The internal combustion engine (ICE) has been refined and developed over the last 100 years for a wide variety of applications from tiny 1 cc engines powering model aircraft to gigantic marine engines with power outputs of tens of MegaWatts. The reciprocating engine with its compact size and its wide range of power outputs and fuel options is an ideal prime mover for powering electricity generating sets (gensets) used to provide primary power in remote locations or more generally for providing mobile and emergency or stand-by electrical power.
Generating sets are designed to work at fixed speeds because of the requirement to provide a fixed frequency AC voltage output. A rotor speed monitor provides an indication of the generator output frequency and this is fed back to control the fuel supply valve to keep the frequency constant.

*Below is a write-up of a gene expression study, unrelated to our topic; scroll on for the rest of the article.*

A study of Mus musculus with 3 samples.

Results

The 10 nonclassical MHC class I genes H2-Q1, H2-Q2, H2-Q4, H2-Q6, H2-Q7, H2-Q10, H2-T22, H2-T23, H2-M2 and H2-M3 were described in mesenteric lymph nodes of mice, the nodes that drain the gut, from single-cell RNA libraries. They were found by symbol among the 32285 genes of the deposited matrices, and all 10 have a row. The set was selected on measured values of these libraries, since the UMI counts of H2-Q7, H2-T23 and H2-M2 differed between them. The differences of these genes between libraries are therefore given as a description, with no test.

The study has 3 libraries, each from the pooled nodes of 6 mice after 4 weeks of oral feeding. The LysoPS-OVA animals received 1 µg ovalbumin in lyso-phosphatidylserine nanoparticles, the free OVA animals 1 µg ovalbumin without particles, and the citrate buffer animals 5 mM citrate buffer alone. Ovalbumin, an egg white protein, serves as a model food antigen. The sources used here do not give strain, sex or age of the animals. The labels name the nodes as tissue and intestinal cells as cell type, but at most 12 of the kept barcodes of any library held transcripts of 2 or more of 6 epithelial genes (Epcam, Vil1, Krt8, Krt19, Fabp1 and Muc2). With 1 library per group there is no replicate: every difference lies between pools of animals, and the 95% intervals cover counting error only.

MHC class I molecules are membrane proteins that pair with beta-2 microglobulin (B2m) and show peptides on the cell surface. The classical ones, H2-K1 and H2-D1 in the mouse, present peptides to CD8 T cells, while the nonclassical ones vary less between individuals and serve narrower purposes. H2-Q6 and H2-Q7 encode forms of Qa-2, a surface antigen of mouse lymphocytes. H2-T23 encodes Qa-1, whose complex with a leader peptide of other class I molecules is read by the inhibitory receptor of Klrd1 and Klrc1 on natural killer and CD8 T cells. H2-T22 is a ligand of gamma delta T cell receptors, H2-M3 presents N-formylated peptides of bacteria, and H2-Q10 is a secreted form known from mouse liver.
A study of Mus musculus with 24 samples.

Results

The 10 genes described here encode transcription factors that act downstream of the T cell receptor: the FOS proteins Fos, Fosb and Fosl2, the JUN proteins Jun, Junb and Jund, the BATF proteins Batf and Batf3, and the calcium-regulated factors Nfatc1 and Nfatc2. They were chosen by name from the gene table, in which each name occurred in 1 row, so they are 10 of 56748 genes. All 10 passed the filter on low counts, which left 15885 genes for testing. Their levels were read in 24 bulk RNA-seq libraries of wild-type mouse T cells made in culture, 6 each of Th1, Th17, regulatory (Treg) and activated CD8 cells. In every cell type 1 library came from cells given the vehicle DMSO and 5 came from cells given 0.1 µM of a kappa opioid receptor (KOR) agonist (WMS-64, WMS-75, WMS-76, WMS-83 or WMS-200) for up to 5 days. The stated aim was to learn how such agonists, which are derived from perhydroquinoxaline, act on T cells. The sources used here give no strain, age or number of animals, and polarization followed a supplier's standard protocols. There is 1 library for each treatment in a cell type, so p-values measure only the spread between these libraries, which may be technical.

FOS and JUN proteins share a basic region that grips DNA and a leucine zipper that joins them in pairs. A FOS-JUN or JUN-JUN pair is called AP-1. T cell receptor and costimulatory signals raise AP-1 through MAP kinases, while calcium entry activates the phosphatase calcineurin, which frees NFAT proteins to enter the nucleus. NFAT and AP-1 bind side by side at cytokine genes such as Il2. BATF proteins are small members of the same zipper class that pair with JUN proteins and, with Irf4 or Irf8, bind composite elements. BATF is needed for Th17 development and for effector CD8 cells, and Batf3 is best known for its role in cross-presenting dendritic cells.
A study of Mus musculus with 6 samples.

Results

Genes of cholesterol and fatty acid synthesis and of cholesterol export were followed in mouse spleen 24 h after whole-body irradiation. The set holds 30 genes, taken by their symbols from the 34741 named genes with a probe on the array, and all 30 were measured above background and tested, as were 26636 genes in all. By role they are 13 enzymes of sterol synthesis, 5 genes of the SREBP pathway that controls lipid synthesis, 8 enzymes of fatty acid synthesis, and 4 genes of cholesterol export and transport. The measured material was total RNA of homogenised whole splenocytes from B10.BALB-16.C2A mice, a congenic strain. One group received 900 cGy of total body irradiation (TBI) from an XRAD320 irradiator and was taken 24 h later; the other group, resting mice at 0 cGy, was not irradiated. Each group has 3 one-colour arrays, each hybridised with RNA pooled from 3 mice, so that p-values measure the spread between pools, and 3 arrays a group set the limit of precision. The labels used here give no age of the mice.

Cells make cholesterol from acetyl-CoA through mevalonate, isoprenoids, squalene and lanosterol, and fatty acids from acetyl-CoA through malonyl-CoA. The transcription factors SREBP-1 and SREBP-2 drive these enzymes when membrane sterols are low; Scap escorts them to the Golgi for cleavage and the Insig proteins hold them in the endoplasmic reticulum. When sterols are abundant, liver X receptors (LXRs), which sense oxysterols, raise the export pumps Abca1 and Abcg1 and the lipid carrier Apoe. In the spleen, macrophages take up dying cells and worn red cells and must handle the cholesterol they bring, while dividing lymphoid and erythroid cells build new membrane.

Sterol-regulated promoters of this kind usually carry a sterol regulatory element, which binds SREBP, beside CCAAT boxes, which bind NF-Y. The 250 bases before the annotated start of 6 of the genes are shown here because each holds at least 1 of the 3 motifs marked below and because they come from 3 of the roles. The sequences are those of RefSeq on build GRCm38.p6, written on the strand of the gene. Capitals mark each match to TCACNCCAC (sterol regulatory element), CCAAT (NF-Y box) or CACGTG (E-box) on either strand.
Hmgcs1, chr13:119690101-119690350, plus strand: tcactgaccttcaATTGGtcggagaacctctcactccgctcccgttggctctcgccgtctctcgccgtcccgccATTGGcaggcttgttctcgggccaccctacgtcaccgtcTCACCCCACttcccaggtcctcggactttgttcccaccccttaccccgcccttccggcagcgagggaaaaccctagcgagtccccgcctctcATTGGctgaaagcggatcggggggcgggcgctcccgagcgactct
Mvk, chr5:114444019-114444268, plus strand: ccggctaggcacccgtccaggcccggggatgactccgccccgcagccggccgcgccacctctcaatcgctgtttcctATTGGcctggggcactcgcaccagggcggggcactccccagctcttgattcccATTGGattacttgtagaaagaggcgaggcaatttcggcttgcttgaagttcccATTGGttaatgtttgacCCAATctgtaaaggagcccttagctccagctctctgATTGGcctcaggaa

- Primary Power
- Large Diesel generators are used for primary power applications
- Emergency Power
- Small portable generators often used for emergency power may be petrol (gasoline) or diesel powered. Remote, unmanned applications are usually provide with an auto start-stop capability.
- Electric Traction
- The first Diesel electric hybrid vehicle was patented in 1914 by Hermann Lemp. It used electric traction for the transmission system to avoid the use of complex gearing mechanisms necessary to deliver the power of the Diesel ICE to the wheels over the full range of train speeds since electric motors can operate over a wider speed range and can be more easily controlled. It used DC motors for this purpose and the DC power was provided by a DC generator driven by the Diesel engine. Modern Diesel electrics use AC machines to avoid the use of unreliable commutators and brushes in the motors and generators. Using Diesel electric power permits flexible routing and avoids the cost of the expensive infrastructure of overhead wires needed by pure electric trains. Electrical output power may be as low as 200 kW for a small passenger vehicle and up to 2 MW for a large freight train.